Grant Jones has updated his budget priced tower defense clone Mote-M to version 1.2. This is a rather significant update that makes the game an even better value than it was previously. For example, hotspots now appear on the battlefield, allowing you to build free towers, and additional types of support towers open up completely new strategic options.
The new sound effects are very quiet, and the visuals still leave much to be desired, but we are happy to see the developer is dedicated to improving his product. This is a great deal at 99 cents.
Mote-M (or Mote Massacre) is one of the App Store’s first entrants into the now-ubiquitous “Defense” genre. For those unfamiliar with this type of game, your objective is to place a variety of ‘towers’ in patterns designed to destroy a wave of enemies before they can cross from one side of the screen to the other. These games require you to choose the right ‘towers’ to match the strengths and weaknesses of the different waves of enemies that flood your defenses, while maximizing the value of their placement. Mote-M lacks some of the depth found in other Defense games, but it is well-executed and very friendly to novices.
As in other Defense games, each of Mote-M’s levels consists of a stream (or wave) of migrating enemies. At the beginning of each game, you can choose to orient this stream from top to bottom, diagonally, or horizontally. You earn money to place or upgrade towers by wiping the baddies out, but if an enemy makes it to its goal, you lose some of your health. The further you get, the more bad guys you have to cope with, and the more cash you earn for each enemy you kill; most players will have a good challenge on the easiest difficulty setting, but there are higher difficulty levels for more experienced players.
The game offers six basic types of tower: “fire”, “frost”, “physical”, “timed”, “restoration”, and “deception”. The first three are attack towers that automatically shoot projectiles at enemies that pass within range; you can pay to upgrade these towers and increase their range and damage. The enemies have special abilities that form a rock-paper-scissors relationship with your towers–for instance, blue enemies are resistant to frost, red to fire, and so forth. There are also flying enemies that can fly right over your towers, instead of having to weave around them the long way.
The other three towers produce special support effects. “Timed” towers can be used to form temporary barriers that stay on the board for five to ten seconds, and then disappear. The very expensive “restoration” towers restore your health. “Deception” towers convince a single enemy that the tower is the goal, allowing you to temporarily direct it off course. We appreciate the addition of these new tower types, but only the “deception” tower is very useful: the “timed” towers are not that much cheaper than a basic physical attack tower, and the money spent on a “restoration” tower is probably better spent on upgrades. The “deception” tower, meanwhile, is relatively inexpensive, and can buy you precious time to finish off the last few motes in a wave.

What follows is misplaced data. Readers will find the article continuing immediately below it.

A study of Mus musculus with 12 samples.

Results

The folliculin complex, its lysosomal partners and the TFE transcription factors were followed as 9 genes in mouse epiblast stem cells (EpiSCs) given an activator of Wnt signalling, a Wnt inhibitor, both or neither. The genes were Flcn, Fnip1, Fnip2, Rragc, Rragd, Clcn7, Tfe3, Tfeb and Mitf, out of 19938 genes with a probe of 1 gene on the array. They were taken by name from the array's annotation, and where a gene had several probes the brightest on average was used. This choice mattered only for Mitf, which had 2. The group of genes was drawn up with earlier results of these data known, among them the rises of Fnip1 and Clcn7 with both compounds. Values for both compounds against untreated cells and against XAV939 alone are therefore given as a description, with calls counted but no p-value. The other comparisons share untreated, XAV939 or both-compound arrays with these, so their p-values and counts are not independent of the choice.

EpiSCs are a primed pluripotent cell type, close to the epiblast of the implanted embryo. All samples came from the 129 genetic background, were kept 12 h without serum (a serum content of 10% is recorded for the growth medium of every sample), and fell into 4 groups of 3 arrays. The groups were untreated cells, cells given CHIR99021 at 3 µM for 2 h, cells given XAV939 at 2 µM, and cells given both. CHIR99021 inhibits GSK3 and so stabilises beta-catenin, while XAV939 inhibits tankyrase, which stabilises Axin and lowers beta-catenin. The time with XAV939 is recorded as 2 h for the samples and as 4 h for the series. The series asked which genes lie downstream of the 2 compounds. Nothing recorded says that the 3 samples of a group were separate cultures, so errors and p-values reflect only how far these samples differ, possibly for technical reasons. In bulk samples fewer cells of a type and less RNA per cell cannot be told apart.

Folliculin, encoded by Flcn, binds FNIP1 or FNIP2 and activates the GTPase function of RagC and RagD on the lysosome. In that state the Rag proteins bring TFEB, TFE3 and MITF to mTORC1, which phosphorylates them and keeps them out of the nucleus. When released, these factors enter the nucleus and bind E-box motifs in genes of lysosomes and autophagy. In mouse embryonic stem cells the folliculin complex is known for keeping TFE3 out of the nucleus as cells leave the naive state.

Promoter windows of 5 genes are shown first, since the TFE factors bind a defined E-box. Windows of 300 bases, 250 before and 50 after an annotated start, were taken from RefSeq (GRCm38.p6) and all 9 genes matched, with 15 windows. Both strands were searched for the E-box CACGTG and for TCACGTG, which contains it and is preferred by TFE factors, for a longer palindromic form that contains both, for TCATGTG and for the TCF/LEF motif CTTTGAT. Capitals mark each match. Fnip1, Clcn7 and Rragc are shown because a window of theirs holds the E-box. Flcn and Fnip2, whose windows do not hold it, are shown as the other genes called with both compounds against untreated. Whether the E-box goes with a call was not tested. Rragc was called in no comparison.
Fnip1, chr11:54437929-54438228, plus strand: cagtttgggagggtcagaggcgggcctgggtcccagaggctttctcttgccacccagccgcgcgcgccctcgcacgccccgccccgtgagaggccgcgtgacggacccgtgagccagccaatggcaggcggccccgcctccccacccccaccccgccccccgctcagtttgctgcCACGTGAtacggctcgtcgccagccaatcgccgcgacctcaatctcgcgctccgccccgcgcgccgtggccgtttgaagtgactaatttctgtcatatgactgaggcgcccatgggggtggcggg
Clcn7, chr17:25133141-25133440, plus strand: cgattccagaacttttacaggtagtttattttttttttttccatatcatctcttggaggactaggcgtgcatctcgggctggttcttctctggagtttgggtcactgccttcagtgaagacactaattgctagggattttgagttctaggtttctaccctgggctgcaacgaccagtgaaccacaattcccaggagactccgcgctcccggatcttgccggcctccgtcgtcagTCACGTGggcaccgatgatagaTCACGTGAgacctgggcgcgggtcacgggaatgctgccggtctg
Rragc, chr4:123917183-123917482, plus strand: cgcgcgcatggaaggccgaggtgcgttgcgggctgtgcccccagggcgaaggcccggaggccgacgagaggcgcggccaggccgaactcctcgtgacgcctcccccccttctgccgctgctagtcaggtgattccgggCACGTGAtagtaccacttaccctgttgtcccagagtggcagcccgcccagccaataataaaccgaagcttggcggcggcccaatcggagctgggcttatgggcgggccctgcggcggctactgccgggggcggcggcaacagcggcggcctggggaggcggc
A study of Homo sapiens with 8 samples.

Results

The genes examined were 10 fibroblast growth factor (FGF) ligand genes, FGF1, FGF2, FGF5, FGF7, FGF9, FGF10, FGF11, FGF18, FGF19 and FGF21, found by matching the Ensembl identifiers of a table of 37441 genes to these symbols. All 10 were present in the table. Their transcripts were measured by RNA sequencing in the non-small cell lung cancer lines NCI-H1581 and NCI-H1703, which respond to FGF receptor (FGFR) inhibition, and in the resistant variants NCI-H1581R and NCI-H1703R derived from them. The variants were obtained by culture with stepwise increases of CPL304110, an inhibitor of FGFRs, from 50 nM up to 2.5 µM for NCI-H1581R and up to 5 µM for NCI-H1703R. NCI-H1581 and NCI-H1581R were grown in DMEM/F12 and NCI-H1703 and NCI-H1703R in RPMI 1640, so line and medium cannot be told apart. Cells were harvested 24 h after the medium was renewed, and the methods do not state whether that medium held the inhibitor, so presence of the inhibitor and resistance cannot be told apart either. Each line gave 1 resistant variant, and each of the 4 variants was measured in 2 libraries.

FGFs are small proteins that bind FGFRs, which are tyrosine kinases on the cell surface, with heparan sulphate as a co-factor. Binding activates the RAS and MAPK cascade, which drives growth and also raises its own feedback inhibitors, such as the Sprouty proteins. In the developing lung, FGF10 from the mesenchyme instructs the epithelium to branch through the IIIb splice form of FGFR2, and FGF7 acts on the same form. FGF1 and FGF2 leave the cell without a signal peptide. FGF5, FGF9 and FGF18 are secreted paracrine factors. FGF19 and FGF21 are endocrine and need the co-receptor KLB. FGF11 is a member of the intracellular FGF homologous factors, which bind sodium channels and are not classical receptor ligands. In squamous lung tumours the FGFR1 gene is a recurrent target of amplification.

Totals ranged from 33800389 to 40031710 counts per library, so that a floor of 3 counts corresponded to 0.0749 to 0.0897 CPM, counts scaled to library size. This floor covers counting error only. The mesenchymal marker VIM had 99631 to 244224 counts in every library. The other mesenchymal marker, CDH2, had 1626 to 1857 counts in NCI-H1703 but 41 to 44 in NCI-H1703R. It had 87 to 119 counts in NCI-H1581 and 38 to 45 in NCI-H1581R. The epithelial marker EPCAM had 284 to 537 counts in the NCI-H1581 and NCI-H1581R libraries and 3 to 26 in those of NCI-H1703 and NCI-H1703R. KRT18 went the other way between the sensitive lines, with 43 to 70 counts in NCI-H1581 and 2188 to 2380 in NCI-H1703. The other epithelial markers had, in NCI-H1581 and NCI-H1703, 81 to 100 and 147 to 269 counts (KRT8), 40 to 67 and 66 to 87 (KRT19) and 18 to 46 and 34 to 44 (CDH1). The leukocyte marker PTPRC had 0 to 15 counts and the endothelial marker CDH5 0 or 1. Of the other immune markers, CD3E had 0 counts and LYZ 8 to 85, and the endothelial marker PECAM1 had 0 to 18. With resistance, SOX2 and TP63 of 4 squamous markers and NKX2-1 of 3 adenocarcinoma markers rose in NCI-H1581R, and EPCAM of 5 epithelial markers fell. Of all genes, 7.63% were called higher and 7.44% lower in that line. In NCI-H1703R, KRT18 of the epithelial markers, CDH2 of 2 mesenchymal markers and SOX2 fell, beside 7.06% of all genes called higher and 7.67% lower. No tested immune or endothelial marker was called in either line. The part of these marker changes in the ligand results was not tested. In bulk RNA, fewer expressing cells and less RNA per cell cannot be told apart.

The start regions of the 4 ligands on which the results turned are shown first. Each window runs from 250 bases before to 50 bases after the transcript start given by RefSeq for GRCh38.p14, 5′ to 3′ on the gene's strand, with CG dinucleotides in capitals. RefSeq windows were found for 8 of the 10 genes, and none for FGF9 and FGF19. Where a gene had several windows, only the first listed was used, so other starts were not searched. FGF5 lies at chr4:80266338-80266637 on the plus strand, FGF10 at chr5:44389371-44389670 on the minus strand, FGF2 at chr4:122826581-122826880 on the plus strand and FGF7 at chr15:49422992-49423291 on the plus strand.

Mote-M is definitely a budget game, so Defense veterans will find the game is missing certain features that they are used to. For instance, the towers do not explicitly denote their range of fire, although it is quickly apparent from watching them. We also missed having a nice variety of enemies to plan around; there are really only two kinds, the bacteria-like “motes,” and “fliers,” which look like gliding birds. The motes are different colors to denote their resistance to one type of tower or another, but this does not change their behavior at all. The bosses and enemies with exotic abilities found in most other Defense games are missing here. We hope the developer adds some additional enemy types to the game in an update.
M-Mote’s presentation is very utilitarian. Each basic tower type is represented by a box marked with a colored dot; upgraded towers simply get more dots on them. The enemies and weapon effects aren’t anything to write home about, either. Sound is missing entirely, which is not necessarily a bad thing for a $0.99 game, in our opinion, because we would rather it be absent than tacked on. Plus, you can listen to heavy metal on your iPod while zapping hordes of motes.
Overall, Mote-M is a good Defense game at a very reasonable price. Even though it lacks some of the variety of its cousins, it hits all of the important elements, and even tosses in a few novel tower mechanics and some basic stat tracking. We recommend it to anyone who has not yet played a Defense title, and also to veterans who are looking for a basic, inexpensive mobile fix.